Once that was done, I trimmed off the exposed corners of the Wild Mustang top since those portions are not needed. Then the piece is flipped to the wrong side and the pattern is placed on top, centered and strategically pinned.
I started sewing the larger shapes first. This is done free motion with the feed dogs down and your quilting or darning foot (which ever one your sewing machine comes with). Since there is no batting here, just two layers of fabric and 1 layer of paper you will likely have to adjust your tension from your normal free motion quilting tension. Take 2 scrap pieces of fabric and a piece of paper and run a few test stitchings to see what will give you the best results before you start on your actual quilt. When you start to stitch a shape make sure that you have pulled out enough lead top and bobbin thread and hold onto it while you start stitching. After you have stitched part way through your shape make sure that you bring the bottom thread up to the top so that you don't sew over top of the bottom thread. Once you have finished your shape raise the needle and presser foot and cut your thread leaving about 4 " attached to the quilt. Bring the one thread from the right side (currently underneath) to the top and I just took a small piece of tape and taped the ends out of the way. Later once you remove the paper, these ends need to be tied and trimmed.
I stitched the shape twice around since my machine does not have a stitch regulator and even though my free motion stitching has improved there are times when I have longer stitches than I would like. Since the insides of the shapes will be cut out to reveal the bottom layer of fabric, I don't want the fabric fraying because of the longer stitches. This is what it looks like with two lines of stitching. After I'm done cutting out all the shapes I will be finishing all the edges with a buttonhole stitch so where my two lines don't quite meet, the buttonhole stitch should take care of that very nicely.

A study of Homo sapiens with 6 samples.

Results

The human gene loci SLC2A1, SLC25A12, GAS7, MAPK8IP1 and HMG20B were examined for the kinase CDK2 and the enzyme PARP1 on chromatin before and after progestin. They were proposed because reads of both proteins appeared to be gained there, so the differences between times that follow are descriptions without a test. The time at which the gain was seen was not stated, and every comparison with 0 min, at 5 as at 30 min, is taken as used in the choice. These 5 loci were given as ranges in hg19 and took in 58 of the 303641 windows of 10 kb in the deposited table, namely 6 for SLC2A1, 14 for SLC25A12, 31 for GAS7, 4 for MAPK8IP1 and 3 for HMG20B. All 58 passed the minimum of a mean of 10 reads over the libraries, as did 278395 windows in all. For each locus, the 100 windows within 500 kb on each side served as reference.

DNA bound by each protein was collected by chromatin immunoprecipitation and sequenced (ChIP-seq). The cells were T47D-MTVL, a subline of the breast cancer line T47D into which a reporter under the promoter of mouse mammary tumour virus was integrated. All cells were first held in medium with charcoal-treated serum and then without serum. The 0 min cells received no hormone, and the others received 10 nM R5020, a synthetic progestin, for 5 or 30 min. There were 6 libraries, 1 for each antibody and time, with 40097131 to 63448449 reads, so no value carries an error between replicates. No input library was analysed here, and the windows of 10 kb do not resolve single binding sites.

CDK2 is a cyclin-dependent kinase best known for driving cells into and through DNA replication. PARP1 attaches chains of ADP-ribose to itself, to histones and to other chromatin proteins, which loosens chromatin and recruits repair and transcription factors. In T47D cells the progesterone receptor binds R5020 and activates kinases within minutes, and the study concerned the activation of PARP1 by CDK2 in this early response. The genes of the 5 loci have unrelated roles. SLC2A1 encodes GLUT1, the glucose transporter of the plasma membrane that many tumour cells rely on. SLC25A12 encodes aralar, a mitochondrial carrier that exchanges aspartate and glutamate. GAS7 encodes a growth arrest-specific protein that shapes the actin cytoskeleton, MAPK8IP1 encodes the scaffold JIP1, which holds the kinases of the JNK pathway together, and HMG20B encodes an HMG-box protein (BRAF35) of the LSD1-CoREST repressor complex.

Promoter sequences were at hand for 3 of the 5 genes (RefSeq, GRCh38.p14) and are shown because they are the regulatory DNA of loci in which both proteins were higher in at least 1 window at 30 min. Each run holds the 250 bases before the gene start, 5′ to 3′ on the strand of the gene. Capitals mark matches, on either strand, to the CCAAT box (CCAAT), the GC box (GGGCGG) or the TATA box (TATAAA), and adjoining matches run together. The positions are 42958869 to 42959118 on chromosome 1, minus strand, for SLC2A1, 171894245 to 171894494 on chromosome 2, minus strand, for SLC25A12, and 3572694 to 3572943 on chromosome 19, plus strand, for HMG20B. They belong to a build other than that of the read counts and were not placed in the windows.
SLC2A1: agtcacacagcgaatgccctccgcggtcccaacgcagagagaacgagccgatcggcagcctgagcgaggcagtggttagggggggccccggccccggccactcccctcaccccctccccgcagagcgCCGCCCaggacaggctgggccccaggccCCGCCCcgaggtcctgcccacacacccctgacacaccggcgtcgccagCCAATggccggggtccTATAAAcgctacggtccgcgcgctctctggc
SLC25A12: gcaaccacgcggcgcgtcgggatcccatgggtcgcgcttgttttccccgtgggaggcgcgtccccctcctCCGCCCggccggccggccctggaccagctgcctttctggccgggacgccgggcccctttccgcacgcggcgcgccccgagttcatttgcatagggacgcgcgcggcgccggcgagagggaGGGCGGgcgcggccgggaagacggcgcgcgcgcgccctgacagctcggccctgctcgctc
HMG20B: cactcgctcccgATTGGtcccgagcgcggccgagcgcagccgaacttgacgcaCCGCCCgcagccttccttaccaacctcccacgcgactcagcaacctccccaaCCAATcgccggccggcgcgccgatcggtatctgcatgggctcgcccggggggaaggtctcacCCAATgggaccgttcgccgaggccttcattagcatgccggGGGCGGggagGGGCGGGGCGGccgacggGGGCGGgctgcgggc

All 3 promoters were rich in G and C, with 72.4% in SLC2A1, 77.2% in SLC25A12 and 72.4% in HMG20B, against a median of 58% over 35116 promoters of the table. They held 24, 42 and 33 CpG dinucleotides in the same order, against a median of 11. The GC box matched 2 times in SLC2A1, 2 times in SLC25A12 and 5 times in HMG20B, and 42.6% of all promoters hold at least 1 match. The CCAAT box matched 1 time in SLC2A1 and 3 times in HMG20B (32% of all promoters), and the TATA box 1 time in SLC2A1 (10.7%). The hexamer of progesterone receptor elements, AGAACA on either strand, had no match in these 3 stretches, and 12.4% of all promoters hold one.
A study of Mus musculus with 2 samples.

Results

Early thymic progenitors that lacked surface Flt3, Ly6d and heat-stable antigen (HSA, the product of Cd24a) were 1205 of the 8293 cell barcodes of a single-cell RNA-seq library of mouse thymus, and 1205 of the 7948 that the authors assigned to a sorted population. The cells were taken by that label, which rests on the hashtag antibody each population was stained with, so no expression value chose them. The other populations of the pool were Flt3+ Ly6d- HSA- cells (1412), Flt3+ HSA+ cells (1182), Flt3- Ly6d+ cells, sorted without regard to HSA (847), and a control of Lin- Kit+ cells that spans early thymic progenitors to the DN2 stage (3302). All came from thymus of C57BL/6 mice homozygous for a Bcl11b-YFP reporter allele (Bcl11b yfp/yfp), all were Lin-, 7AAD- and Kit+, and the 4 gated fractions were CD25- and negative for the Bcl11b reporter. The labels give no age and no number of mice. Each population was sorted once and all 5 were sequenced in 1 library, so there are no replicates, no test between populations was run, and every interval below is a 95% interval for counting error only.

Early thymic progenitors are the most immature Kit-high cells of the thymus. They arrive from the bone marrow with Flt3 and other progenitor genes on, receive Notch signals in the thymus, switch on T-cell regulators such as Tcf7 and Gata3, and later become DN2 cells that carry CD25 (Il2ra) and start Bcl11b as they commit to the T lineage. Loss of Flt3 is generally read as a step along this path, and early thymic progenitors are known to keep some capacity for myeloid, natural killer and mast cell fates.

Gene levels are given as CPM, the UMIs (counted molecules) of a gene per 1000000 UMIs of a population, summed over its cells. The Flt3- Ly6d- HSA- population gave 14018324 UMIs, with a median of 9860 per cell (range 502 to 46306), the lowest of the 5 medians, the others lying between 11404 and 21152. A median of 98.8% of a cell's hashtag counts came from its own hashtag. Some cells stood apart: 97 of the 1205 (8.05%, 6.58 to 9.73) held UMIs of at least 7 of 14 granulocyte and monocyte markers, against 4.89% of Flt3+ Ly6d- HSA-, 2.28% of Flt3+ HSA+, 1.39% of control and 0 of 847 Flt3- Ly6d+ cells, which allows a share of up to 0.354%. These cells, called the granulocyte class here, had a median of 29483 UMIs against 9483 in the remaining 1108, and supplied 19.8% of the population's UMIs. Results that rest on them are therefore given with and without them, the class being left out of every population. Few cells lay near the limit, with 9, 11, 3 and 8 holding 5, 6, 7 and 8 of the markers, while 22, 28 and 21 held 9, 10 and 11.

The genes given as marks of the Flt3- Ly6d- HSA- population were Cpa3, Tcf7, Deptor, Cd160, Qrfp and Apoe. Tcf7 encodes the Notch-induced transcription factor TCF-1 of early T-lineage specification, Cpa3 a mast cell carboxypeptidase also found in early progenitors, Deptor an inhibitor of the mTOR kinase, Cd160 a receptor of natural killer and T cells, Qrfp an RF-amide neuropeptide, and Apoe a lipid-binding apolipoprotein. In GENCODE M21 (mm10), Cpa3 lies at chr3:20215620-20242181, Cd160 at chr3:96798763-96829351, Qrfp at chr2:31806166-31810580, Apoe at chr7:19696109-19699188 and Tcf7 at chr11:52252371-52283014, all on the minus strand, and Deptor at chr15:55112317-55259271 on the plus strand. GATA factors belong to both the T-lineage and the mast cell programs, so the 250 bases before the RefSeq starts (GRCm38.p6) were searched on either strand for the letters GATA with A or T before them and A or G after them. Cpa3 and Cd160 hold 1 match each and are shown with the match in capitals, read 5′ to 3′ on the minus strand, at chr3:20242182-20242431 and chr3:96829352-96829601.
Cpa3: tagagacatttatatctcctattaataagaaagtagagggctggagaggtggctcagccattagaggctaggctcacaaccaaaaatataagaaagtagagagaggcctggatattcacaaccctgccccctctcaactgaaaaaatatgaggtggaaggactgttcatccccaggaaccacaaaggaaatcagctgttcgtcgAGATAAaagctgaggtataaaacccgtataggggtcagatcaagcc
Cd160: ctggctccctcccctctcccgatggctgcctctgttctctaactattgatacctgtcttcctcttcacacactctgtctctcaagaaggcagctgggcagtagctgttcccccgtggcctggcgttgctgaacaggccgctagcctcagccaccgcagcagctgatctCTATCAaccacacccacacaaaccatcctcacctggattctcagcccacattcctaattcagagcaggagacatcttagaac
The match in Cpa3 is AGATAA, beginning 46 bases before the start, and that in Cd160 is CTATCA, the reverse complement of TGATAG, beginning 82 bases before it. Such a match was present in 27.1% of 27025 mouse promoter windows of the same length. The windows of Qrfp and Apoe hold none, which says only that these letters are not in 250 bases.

To remove the paper, I use this tool to first score all the lines so that the paper will rip easier from the stitching. I think it's called an embosser tool. I find it works best if the quilt is on a softer surface or if it is just folded into quarters. You don't have to worry about getting out any of the little bits that may be stuck in a seam since this side will be inside the finished quilt beween the batting and the back.
Finally I also have made a little test piece from the 1 1/2" square test I did earlier. I will use this first to test out cutting the first layer of fabric so I get the hang of that before I tackle the Wild Mustang. Also the test piece will be used to try out the buttonhole stitch to figure out the right size in terms of width and length before I start stitching on the Wild Mustang.
Well time to start ripping out paper.